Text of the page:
US Polls 2020: How the Dramatic Endgame Will Play Out in Congress
This week, the US Congress will put the finishing touches to the chaotic, protracted 2020 US presidential election.
This week, the US Congress will put the finishing touches to the chaotic, protracted 2020 US Presidential election.
A joint session of the House and Senate will assemble at 1pm on 6 January as the votes cast by the 538-member Electoral College following the November election are opened, counted and certified. The president of the Senate (who also happens to be Vice President Mike Pence) will then finally declare the winner.
Usually, this process generates very little public attention because it is essentially just a formal ratification of an outcome the American public has known for almost two months.
But this year will be different because a small group of President Donald Trump’s surrogates in the House and Senate have indicated they will challenge the certification and votes of the electors in what will be a futile attempt to delay the announcement of Democrat Joe Biden’s victory.
Congress should immediately appoint an Electoral Commission, with full investigatory and fact-finding authority, to conduct an emergency 10-day audit of the election returns in the disputed states. Once completed, individual states would evaluate the commission’s findings and could convene a special legislative session to certify a change in their vote, if needed.
At most, this last-ditch attempt to overturn the election result, based on Trump’s baseless claims of voter fraud, will only delay the inevitable. This could take anywhere from a few hours to a day or so, depending on how many separate challenges are made.
How the Process Will Play Out
The procedure for dealing with these challenges is based on the . This is how the drama will unfold. When Pence announces the electoral vote tally from each state, he will call for any objections. , the objection must be made in writing and...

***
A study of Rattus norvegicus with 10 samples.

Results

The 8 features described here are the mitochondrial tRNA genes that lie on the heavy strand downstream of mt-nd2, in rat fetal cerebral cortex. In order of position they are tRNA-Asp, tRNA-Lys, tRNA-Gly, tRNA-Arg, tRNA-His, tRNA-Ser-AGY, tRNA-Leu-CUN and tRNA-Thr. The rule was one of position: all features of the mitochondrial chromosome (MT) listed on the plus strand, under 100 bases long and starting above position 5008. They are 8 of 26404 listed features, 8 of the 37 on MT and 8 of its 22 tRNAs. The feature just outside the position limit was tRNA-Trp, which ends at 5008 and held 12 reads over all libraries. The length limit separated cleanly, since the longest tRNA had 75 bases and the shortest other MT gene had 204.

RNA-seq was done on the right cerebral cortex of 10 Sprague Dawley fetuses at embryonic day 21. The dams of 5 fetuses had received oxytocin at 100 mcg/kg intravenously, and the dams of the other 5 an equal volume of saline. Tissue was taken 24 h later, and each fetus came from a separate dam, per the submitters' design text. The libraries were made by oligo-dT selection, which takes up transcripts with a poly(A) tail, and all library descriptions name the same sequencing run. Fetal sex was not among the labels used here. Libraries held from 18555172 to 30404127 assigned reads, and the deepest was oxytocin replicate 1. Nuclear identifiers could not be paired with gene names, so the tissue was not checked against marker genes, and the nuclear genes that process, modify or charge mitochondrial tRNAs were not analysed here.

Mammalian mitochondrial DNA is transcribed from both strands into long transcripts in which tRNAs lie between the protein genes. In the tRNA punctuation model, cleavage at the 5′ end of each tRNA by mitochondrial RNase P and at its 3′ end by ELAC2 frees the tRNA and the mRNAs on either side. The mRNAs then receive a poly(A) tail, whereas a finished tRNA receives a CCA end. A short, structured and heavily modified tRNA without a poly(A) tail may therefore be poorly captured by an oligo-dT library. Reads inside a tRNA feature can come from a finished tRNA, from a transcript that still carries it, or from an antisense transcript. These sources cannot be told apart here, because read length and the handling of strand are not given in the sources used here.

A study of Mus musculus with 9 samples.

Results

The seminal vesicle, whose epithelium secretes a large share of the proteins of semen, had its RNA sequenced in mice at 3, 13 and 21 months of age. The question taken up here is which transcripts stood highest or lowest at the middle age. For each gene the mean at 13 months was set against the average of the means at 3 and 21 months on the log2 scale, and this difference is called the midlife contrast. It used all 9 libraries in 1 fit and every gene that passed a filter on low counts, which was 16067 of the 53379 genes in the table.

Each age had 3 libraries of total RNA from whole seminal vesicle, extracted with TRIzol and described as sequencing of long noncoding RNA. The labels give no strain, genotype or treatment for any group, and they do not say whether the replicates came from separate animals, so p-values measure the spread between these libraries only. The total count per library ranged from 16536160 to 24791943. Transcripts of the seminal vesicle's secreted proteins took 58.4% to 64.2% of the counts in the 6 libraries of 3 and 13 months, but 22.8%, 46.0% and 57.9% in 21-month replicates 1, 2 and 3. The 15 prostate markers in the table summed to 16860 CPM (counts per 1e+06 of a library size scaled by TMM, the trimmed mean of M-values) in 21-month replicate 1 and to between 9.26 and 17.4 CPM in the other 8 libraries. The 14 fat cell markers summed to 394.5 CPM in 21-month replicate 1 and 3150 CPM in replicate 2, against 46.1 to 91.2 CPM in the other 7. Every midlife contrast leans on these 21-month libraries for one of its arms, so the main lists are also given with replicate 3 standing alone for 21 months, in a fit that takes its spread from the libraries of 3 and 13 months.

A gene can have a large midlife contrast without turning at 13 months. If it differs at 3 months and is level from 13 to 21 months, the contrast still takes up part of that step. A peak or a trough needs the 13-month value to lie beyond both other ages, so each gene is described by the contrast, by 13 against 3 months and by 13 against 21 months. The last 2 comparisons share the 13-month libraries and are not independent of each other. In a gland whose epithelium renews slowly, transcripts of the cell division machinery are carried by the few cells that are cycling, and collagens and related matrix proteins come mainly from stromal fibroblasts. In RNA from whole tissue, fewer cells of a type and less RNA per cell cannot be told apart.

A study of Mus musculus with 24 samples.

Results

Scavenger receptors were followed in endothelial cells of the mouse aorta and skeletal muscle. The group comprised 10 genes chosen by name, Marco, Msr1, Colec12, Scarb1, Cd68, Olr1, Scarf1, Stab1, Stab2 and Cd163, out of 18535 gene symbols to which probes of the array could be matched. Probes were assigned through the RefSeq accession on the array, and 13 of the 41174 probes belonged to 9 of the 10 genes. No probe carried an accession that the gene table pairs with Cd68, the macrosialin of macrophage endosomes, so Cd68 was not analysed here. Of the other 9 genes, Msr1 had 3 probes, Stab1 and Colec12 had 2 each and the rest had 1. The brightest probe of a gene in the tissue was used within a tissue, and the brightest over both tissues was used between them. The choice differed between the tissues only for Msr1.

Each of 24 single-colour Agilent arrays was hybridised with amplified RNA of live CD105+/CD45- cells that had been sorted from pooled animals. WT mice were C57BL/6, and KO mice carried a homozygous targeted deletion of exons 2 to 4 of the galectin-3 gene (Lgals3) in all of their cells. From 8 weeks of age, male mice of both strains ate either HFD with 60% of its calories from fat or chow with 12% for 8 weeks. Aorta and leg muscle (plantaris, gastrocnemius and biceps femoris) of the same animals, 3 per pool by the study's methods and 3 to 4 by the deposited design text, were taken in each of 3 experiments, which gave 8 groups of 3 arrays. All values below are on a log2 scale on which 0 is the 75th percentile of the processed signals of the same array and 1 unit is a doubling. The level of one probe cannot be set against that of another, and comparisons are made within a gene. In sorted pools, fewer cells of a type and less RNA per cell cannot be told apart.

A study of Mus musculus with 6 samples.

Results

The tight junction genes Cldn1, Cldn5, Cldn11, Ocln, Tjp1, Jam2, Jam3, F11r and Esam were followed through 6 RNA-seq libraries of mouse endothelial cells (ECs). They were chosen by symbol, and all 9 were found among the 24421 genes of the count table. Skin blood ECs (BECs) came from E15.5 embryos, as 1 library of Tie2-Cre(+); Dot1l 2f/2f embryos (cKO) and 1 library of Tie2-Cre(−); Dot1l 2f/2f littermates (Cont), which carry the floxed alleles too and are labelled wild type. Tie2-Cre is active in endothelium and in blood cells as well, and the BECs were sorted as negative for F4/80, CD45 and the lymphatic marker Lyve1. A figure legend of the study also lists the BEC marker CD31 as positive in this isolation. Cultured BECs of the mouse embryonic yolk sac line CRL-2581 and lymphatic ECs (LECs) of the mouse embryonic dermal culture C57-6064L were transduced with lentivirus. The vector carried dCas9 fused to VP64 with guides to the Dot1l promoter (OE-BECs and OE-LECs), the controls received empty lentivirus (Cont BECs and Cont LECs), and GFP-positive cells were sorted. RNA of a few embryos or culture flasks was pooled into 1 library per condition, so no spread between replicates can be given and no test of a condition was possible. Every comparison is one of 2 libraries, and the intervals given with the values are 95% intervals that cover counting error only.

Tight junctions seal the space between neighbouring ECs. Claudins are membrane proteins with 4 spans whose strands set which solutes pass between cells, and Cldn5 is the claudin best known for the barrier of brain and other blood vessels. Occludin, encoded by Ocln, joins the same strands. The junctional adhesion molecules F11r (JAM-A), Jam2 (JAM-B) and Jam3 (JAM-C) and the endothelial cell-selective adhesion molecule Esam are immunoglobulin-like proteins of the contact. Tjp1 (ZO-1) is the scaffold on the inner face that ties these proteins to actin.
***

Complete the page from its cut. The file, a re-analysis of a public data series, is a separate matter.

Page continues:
“...shall state clearly and concisely, and without argument, the ground thereof, and shall be signed by at least one senator and one member of the House of Representatives.”
When an objection is announced, the two houses of Congress will retire immediately and, in separate sessions, debate the objection for a maximum of two hours with no member speaking for more than five minutes or more than once. A vote on the objection is then taken.
Under the law, Congress can only reject electoral votes that have not been “regularly given”, but both the House and Senate must agree to do so. Congress doesn’t have the power to replace a state’s electors.
The Damage That Has Been Done
However, what is clear is this will be the final legal attempt to undermine the integrity of the 2020 election — since there is still no substantial evidence of fraud, corruption, rigged voting machines or any other misconduct that Trump and his surrogates have alleged.
But the cost of these actions will be immense. The cumulative effect of over at the state and federal level, the failed attempts to persuade Republican-controlled state legislatures to , and the latest effort to pressure the secretary of state of Georgia to , have damaged the electoral process and American democracy itself.
Moreover, the willingness of Republican lawmakers in Congress to continue to back Trump’s ineffectual efforts to overturn the results of an election – without any evidence of wrongdoing or hopes of succeeding – only compounds the damage further.
“Designed to disenfranchise millions of Americans simply because they voted for someone in a different party.”
(This is an opinion piece and the views expressed above are the author’s own. The Quint neither endorses nor is responsible for them. This article was originally published on The Conversation. Read the original article here.)